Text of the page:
More than half the city wants the "one man, one vote" system introduced for the 2017 chief executive election even if it follows a candidate-nomination process that they are unhappy with, a survey has found.
It also found more than half of some 1,000 respondents believe it is not against the Basic Law to allow the public to nominate candidates. Public nomination has been vetoed by Beijing as against the city's mini-constitution, leading to concerns pro-democracy candidates will be screened out by a nominating committee.
The survey, conducted by Lingnan University, was commissioned by the 15-strong Concern Group for Public Opinion on Constitutional Development. The group includes three Democratic Party members; Andy Ho On-tat, a former information coordinator for ex-chief executive Donald Tsang Yam-kuen; and Centaline Property Agency boss Shih Wing-ching.
At a press conference yesterday, Ho emphasised that the group was committed to a nonpartisan approach on reform.
"We don't belong to any political camp and we don't know how our findings will affect others' choices," Ho said. "We don't have a collective opinion on any proposal in particular, or on Occupy Central … we just wanted to deepen discussion in the society through our survey."
One of the Democrats - former lawmaker Fred Li Wah-ming - also stressed that his party had nothing to do with the concern group. He added that a report on the survey would be sent to all 70 lawmakers and the Hong Kong government.
Based on the poll, the people want to encourage lawmakers to be flexible and open to negotiation, said Dr Cheung Kwok-wah, another member of the concern group and dean of education and languages at the Open University. "Hongkongers treasure their right to choose," he added.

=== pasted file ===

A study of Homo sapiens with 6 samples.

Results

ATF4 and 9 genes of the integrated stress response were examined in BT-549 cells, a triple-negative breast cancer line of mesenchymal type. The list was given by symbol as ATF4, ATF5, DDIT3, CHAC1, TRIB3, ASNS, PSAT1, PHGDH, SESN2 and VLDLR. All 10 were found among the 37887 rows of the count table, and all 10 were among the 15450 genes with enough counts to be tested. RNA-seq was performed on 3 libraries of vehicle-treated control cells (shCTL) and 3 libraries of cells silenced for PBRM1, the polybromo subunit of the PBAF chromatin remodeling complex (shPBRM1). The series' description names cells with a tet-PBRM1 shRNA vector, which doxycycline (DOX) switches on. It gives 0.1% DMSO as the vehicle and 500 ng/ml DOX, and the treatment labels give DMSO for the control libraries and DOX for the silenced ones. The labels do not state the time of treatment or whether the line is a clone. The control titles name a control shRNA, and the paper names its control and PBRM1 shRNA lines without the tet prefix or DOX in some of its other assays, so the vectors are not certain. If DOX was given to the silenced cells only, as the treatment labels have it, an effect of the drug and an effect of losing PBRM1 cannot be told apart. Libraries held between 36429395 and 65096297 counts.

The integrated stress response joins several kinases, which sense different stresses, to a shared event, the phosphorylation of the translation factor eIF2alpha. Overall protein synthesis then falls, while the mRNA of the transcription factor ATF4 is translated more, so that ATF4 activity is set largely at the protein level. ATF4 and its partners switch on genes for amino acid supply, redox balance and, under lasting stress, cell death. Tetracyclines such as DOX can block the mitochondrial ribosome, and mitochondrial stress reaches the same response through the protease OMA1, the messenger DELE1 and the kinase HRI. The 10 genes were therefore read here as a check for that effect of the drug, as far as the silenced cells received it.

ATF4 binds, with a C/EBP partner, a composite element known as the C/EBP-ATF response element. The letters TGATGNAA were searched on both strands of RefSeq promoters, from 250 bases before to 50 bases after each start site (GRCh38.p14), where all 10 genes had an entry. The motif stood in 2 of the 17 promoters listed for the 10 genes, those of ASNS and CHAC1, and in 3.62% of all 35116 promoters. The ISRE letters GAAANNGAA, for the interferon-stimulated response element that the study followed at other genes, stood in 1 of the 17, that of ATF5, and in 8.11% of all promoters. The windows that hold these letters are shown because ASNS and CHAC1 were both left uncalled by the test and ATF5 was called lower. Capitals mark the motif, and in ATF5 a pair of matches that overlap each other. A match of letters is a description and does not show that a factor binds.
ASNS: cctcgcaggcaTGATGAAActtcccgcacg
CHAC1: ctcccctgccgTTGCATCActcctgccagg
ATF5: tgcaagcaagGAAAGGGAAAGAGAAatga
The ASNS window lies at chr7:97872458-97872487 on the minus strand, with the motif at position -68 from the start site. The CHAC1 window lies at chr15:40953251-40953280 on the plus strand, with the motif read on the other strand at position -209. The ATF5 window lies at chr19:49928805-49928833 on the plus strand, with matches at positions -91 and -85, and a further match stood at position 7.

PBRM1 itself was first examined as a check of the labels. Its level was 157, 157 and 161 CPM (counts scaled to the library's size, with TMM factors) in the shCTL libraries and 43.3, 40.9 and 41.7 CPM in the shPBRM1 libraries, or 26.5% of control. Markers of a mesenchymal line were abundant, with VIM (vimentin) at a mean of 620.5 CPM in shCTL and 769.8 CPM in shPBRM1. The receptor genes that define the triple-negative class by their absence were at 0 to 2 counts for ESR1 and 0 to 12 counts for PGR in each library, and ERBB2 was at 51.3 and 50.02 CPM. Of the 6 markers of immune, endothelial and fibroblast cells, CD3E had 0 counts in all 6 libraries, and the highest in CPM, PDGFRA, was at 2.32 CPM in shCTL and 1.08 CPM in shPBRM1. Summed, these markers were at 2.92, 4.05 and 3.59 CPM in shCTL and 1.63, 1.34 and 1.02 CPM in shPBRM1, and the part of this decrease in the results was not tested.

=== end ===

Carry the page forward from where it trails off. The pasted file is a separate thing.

The finding that 52 per cent of Hongkongers do not believe public nomination is illegal will not make pleasant reading for Beijing loyalists.
Nor will the finding that 54 per cent of Hongkongers want "one man, one vote" regardless of the nominating process please pan-democratic lawmakers. They have threatened to veto a government reform proposal that fails to give voters a genuine choice.
However, only 35 per cent of respondents said they would rather keep the status quo if the proposal was unsatisfactory.
Cheung noted that about 36 per cent of the respondents identified themselves as pan-democratic, while about a fifth said they were pro-establishment.
About a quarter believed the local government should get the blame if the reform process fails; 18 per cent pointed to Beijing and 15 per cent the pan-democrats.
Last night, Labour Party chairman Lee Cheuk-yan said he did not think pan-democrats should vote in favour of an "unsatisfactory" proposal. "But as a political party, we need to have our ideals while listening to the public."
Cardinal Joseph Zen Ze-kiun led marchers from Lam Tin through Wong Tai Sin to Lok Fu yesterday on day two of his seven-day campaign to rally voters to take part in Occupy Central's "referendum", which starts on Friday.